While some schools hold on-campus interviews before the AALS Conference, most on-campus interviews take place after the AALS Conference, on the recommendation of appointments committees. Many schools issue these interview invitations in November or December; while others wait until after the first of the year. Few interview after the end of February. Although some schools hire faculty on a rolling basis, most wait until all the candidates have been interviewed, and then make all hiring decisions at once by a full faculty vote.
As with the AALS interviews, you should prepare for an on-campus interview by ensuring that you can speak in detail about yourself and your own work and that you have researched the school at which you are interviewing. In particular, do not hesitate to ask for a schedule of your interviews, so you can research the backgrounds of the faculty with whom you will be meeting (looking especially for overlaps in your interests).
The Job Talk
The job talk is typically a workshop: both academic and clinical candidates present a paper and faculty members (and occasionally students) will comment and ask questions. The format of the job talk varies tremendously by school. Typically candidates give a short (approximately 10-20 minutes) presentation of their paper before faculty questioning begins. You should definitely ask about the audience and format of the job talk before the interview.
Even if you are offered more time, you should plan on speaking no more than 20 minutes and then taking questions. Make sure that you clearly state your thesis within the first 5 minutes of the talk. You do not need to spin out your entire argument—especially all of your responses to potential criticism. Candidates often do well by saving some of these responses for the Q & A portion. You may want to identify branches of your argument for discussion in Q & A. If you frame the question well enough to attract interest, you may succeed in directing discussion into areas in which you are prepared to engage.
Prepare and practice your presentation so you will be comfortable and coherent, but not reciting. Practice in front of some friends, or even better, a few law professors (perhaps your recommenders?). Understand that there will be only bright people in your audience, but they may know very little about your area. As is commonly the case in legal academic settings, you will be expected to set out the stakes of your argument in terms that allow generalists to engage, while continuing to address experts in the field. (Where possible identify in advance who in attendance is likely to have expertise in the area of your job talk.)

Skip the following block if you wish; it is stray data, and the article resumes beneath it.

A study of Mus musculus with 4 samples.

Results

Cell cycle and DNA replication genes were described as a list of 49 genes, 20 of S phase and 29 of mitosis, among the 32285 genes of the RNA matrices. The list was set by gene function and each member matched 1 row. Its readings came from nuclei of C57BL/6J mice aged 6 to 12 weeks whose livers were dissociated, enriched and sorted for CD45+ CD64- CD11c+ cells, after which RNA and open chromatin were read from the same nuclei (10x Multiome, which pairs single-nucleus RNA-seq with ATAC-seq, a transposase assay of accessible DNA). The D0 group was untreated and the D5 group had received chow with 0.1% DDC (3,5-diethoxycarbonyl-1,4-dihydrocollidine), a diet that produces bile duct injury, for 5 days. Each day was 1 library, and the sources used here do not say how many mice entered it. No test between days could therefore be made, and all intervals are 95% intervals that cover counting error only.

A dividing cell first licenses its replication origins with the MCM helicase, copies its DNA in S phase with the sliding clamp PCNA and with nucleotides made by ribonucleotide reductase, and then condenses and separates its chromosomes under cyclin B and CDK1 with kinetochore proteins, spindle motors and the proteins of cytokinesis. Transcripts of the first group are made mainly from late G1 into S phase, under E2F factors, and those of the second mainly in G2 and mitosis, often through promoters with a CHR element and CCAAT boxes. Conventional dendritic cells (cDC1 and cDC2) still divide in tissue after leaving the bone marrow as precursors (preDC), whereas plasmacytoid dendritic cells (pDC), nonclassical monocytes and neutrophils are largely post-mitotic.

Your tone should be collegial. The audience is assessing your intelligence, your presentation skills, your scholarly potential, and your desirability as a colleague. How do you address counter –arguments? Can you assert your argument in the face of disagreement? Do you know when and how to qualify your claims? Expect strong challenge, and avoid defensiveness. Think of the exchange as a lively conversation. If one participant seems hostile, sustain positive relations with the rest of the audience.
Ideally, your job talk should be a polished piece that has not yet been published. Pieces that are unpublished but have been submitted and even accepted for publication are ideal because they invite the audience to offer comments that may shape the final publication.
There are two other key benefits of an “about to be sent” piece. First, it is highly polished. (Do not be lured into sending a true “draft.” In all but the rare case where a faculty member at a hiring school serves as an “internal mentor,” your draft will be judged as your best work in the form in which you send it. If there are problems in your draft that require revision, it is wise to consult with your faculty mentors about your timing in sending the paper.) Second, you are still in a position where you can consider the comments from this faculty as helpful suggestions to improve the piece. This allows for the kind of collegial, non-defensive exchange discussed above. Obviously both of these goals can be achieved with works in different stages of development (you can always happily take suggestions for your next piece or just because you are intellectually alive), but it takes a bit more scrambling and finesse.
For clinical candidates, the job talk may be less central to the hiring process, but it is still the only opportunity for many faculty to assess your analytic and presentation skills in person, so it remains quite important. There are additional challenges, however, in that many schools may expect to hear both a formal academic presentation, like those made by academic candidates and with which the faculty is familiar, and a discussion of, or at least some comment about, one’s clinical pedagogy.
And there can be risks: a presentation that is too focused on scholarship may leave some audience members with doubts about the candidate’s genuine commitment to clinical teaching and practice (“She was so animated about her scholarship, maybe she’s looking for a backdoor way out of practice into the academy – but will she really want to keep going to court with students and clients?”), and one too focused on clinical pedagogy may raise concerns with others about the candidate’s capacity for scholarship, initially and at a later tenure stage (“He’ll be a great teacher, but he loves practice and students so much, will he really make time for scholarship – is this a tenure problem best avoided now?”). Often the most successful job talks present and defend a scholarly position, assuring the audience of one’s scholarly interest and capacity, while making connections to clinical practice, especially in the Q&A section, sufficient to confirm a sincere commitment to robust practice and teaching.